Archives of Maryland
(Biographical Series)

Brian Hannagan
MSA SC 3520-17759

Biography:

Brian Hannagan enlisted as a private in the Eighth Company of the First Maryland Regiment on February 2, 1776. The regiment was Maryland's first contingent of full-time, professional soldiers raised to be part of the Continental Army. The Eighth Company, commanded by Captain Samuel Smith, formed in Baltimore in early 1776, and it trained there that spring and summer. Two other companies from the regiment were located in Baltimore as well, while the rest were stationed in Annapolis. In July, the regiment was ordered to march north to New York, to protect the city from invasion by the British. The Eighth Company lost four men who deserted along the march, a problem which plagued the regiment that summer. [1]

On August 27, 1776, the Americans faced the British Army at the Battle of Brooklyn (sometimes called the Battle of Long Island), the first full-scale engagement of the war. The battle was a rout: the British were able to sneak around the American lines, and the outflanked Americans fled in disarray. As the Maryland troops fought their way towards the American fortifications, they were forced to stop at the swampy Gowanus Creek. Half the regiment, including the Eighth, was able to cross the creek and escape the battle. However, the rest were unable to do so before they were attacked by the British. Facing down a much larger, better-trained force, this group of soldiers, today called the "Maryland 400," mounted a series of daring charges. They held the British at bay long enough for the rest of the Continental Army to escape, at the cost of many lives. The Marylanders lost a total of 256 men killed or captured. Because the Eighth was able to escape the battle early, it lost only about six men. [2]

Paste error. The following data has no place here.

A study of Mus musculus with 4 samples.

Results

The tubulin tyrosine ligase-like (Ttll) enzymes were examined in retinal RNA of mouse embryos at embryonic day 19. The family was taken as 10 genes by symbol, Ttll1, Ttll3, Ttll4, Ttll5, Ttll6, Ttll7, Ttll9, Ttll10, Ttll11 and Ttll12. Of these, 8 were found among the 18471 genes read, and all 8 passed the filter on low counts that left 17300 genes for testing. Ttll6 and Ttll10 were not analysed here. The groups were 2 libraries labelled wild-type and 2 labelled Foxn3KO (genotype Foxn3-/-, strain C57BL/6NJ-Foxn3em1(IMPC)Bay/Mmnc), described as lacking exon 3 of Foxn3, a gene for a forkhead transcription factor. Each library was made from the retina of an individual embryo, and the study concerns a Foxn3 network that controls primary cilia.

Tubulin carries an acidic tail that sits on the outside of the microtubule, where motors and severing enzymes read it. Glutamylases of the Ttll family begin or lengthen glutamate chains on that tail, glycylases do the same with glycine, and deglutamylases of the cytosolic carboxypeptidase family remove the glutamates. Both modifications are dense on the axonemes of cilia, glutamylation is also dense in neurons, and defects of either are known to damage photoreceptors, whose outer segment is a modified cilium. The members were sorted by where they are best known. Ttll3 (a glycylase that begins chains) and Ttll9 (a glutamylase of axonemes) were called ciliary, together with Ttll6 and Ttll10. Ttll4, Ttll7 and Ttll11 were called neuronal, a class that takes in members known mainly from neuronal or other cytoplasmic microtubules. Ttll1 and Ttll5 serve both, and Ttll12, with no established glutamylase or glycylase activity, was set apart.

Hannagan survived the battle, and fought on with the Marylanders through the rest of 1776. While the Maryland troops demonstrated their skill and bravery at Harlem Heights in September and White Plains in October, the Americans were nevertheless pushed out of New York, and put on the run through New Jersey. Not until late that winter did they secure revitalizing victories at Trenton and Princeton. In December, Hannagan's enlistment expired, and like many of his comrades, he opted to stay in the army, signing on for a three-year term in the First Maryland Regiment. [3]

In his second stint in the army, Hannagan joined the Marylanders at the Battle of Staten Island, a disastrous defeat where they took heavy casualties. That fall, the focus of the war shifted to Pennsylvania, as the British sought to capture the American capital at Philadelphia. In September, the Americans fought the British at the Battle of Brandywine, where they were soundly defeated. In the course of the battle, Hannagan was taken prisoner. He was held by the British for the next few months, before being released, either on parole or in a prisoner exchange sometime in 1777. No record of his life can be found after that time. [4]

Owen Lourie, 2018

Notes:

[1] Compiled Service Records of Soldiers Who Served in the American Army During the Revolutionary War, NARA M881, from Fold3.com; "Eight Pounds Reward." Philadelphia Evening Post, 10 August 1776; William Sands to John and Ann Sands, 14 August 1776, Maryland State Archives, Special Collections, Dowsett Collection of Sands Family Papers [MSA SC 2095-1-18, 00/20/05/28].

[2] Mark Andrew Tacyn “’To the End:’ The First Maryland Regiment and the American Revolution” (PhD diss., University of Maryland College Park, 1999), 48-73; Return of the Maryland troops, 13 September 1776, Revolutionary War Rolls, NARA M246, folder 35, p. 85, from Fold3.com. For more on the experience of the Marylanders at the Battle of Brooklyn, see "In Their Own Words," on the Maryland State Archives research blog, Finding the Maryland 400.

[3] Muster Rolls and Other Records of Service of Maryland Troops in the American Revolution, Archives of Maryland Online, vol. 18, p. 116.

[4] Archives of Maryland Online, vol. 18, pps. 116, 120. Paroled soldiers were permitted to return home, but could not rejoin the army until formally exchanged.